Forming processes play a key role in the manufacture of such components made of metal materials. Not only do they enable the economical production of geometrical shapes with reproducible high quality, but they can also influence important component properties. This means that different forming processes and production sequences can lead to identical product geometries, but different component properties for the same component material. So far, the reasons for this are only partially known. While deformation-induced hardening, residual stresses, and the microstructure influenced by a possible heat treatment are controllable and can be used to increase the performance of the component, this does not apply to damage. So far, it is not known in which way the damage is influenced by each individual forming process, how it changes along the process chain, and which influence it has on the component behavior. For this reason, the degree of damage of a component and the effect on the component behavior are generally estimated by generously dimensioned empirical safety factors when designing the component and process.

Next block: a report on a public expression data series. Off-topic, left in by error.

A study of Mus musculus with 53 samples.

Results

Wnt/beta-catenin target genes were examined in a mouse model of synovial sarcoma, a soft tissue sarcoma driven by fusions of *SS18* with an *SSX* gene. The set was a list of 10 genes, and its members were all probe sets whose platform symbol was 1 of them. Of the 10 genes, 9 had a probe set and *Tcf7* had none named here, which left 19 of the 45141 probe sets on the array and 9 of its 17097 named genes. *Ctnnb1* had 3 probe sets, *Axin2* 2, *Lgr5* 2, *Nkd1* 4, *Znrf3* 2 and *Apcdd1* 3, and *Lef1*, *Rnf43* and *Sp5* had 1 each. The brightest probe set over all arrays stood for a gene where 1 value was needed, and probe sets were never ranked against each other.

Classical component design without consideration of damage

Two direct consequences result from this:

  • When dimensioning components manufactured by forming technology, lightweight construction potential is wasted because of the forming-induced (pre-)damage and, thus, the safety margin can not be exactly quantified.

  • When designing the forming process, not all influences on the performance of the component are considered. Accordingly, the process design does not take place with the provision of the targeted adjustment of a desired performance.

In order to fully utilize the potential of modern material concepts and forming processes for the realization of optimally efficient components, a paradigm shift in dealing with damage is absolutely necessary.